Sunday, March 9, 2014
Sarcopenia, what is it and why do boomers need to know about it
One challenge confronting Boomers as we age, and which needs our attention more than any other fact of aging science sarcopenia, this challenge involves muscle wasting due to aging. Sarcopenia derives from the Latin roots, "sarco" for muscle, and "penia" for wasting, making it a “muscle wasting disease.” Sarcopenia is a byproduct of the aging process, the progressive loss of muscle fiber that begins in middle age.
From the time you are born to around the time you turn 30, your muscles grow larger and stronger. But at some point in your 30s, you begin to lose muscle mass and function, a condition known as age-related sarcopenia or sarcopenia with aging. People who are physically inactive can lose as much as 3% to 5% of their muscle mass per decade after age 30. Even if you are active, you will still experience some muscle loss. Without intervention, adults can lose as much as 8 percent of muscle mass every ten years.
Although there is no generally accepted test or specific level of muscle mass for sarcopenia diagnosis, any loss of muscle mass is of consequence, because loss of muscle means loss of strength and mobility. Sarcopenia typically accelerates around age 75 -- although it may happen in people age 65 or 80 -- and is a factor in the occurrence of frailty and the likelihood of falls and fractures in older adults.
Sarcopenia propels a cascade of other medical problems. Less muscle mass and strength leads to faster fatigue. Chronic fatigue leads to less physical activity and a more sedentary lifestyle. Less activity results in fat gain and obesity. Excess weight contributes to glucose intolerance, type II diabetes, and a condition called metabolic syndrome. This syndrome can then cause hypertension and increasing risk for cardiovascular disease.
Muscle wasting contributes dramatically to care costs. Once older patients become incapable of the activities of daily living, such as rising unassisted from a recliner, they are usually institutionalized in nursing homes and assisted living facilities.
Boomers already know many ways to fight sarcopenia: proper nutrition, weight lifting (resistance training), stretching, and a regular fitness regimen. However, over 40 percent of the generation is overweight or obese. Therefore, the problem is not knowledge; it is motivation.
People who lead a sedentary lifestyle are most likely to experience pronounced sarcopenia as they age. Sitting around on the couch is a good way to ensure serious loss of muscle mass late in life.
For years, physicians have recommended 30 minutes of moderate daily exercise. In most cases, suggestions include exercises like walking and jogging. This type of activity is excellent for the cardiopulmonary system, and it does build some muscle, but resistance training (RT) that requires the use of weights to build muscle is often overlooked.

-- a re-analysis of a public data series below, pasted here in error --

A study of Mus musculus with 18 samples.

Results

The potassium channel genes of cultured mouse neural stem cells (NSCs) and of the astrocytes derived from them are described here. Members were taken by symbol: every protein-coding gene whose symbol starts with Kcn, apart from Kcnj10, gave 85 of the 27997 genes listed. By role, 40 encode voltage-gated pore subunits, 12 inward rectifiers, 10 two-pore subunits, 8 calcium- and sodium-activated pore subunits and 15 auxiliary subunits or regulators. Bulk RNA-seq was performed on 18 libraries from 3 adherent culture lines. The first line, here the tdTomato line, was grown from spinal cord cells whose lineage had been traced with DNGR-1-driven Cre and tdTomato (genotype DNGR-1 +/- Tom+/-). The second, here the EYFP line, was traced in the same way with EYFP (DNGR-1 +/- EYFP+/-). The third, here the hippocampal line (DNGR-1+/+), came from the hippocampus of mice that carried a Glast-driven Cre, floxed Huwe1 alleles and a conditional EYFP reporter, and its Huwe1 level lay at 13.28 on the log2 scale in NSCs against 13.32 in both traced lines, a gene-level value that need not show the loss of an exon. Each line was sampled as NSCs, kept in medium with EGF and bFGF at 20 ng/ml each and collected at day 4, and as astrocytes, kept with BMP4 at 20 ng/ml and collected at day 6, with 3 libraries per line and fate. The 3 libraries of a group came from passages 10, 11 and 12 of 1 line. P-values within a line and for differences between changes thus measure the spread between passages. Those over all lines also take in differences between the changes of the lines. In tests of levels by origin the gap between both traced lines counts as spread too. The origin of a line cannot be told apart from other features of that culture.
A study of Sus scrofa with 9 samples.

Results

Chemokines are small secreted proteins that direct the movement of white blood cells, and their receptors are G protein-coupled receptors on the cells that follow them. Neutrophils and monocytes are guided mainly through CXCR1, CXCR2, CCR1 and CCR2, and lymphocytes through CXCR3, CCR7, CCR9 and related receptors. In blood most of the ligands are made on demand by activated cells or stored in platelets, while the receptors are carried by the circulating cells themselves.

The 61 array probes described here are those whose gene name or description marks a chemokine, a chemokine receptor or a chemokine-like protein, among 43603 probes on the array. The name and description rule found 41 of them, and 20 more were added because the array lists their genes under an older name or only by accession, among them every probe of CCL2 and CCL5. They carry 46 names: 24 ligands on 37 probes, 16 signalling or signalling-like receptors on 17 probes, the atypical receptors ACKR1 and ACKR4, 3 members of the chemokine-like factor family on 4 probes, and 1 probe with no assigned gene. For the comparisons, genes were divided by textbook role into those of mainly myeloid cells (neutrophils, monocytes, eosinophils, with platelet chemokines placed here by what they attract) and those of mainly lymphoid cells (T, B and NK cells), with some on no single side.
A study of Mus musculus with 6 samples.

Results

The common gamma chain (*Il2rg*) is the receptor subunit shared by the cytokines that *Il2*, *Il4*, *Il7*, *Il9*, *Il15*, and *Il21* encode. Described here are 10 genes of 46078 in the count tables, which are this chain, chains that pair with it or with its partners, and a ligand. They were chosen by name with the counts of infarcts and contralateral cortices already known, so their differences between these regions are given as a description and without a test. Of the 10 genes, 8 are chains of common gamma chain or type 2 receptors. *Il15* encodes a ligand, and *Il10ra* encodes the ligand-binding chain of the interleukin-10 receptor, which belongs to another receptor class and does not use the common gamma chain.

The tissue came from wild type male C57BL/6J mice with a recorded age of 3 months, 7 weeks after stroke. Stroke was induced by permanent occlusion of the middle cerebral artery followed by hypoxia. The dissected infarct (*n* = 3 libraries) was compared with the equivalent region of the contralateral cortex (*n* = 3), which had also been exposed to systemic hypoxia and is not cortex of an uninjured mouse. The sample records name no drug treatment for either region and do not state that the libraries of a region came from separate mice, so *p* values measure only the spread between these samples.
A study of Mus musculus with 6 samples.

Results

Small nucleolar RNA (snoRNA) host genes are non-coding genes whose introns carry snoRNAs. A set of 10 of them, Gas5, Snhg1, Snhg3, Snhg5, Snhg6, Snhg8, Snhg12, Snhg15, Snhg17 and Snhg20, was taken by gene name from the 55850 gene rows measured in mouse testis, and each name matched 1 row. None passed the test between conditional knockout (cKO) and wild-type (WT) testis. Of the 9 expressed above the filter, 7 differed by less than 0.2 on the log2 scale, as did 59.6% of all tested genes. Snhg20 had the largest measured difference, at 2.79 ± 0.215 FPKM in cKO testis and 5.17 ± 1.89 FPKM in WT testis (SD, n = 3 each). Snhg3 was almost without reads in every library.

With the results of studies since the late 1990s pointing to RT as a tool against sarcopenia, some therapists and physicians have started to recommend RT over aerobic exercise. After all, one must first be able to stand before one is able to jog. To stand, one must have muscle strength, which can be developed rather quickly under a RT regimen.
RT has proven that elderly people need not live out their days stooped over and shuffling about. Not only has adopting a resistance training regimen early in middle age has been proven to reduce the appearance of sarcopenia later in life, but RT regimens undertaken by the elderly has been shown to actually reverse sarcopenia by redeveloping muscle mass. Increasing protein intake also helps build muscle. These two breakthroughs combined could lead to a healthier senior adult population, one in which the signs of age aren't quite so obvious.
It is strongly recommended that a person -- especially someone of advanced age -- seek professional advice from a physician, certified personal trainer or physical therapist before beginning a resistance training program. Overexertion leading to torn muscles and even broken bones can happen easily if one lifts too much weight. What's more, some age-related diseases, like diabetes and dementia, can be exacerbated by resistance training.
In one study, elderly people aged 78 to 84 who went on a RT program experienced an average increase in protein synthesis of 182 percent . Another study, funded by the USDA, found that elderly participants who did RT for 45 minutes three times a week for 12 weeks saw an average increase of 32 percent for muscle fiber and a 30 percent increase in strength. Need more convincing? Go to the park and watch a few elderly people with sarcopenia.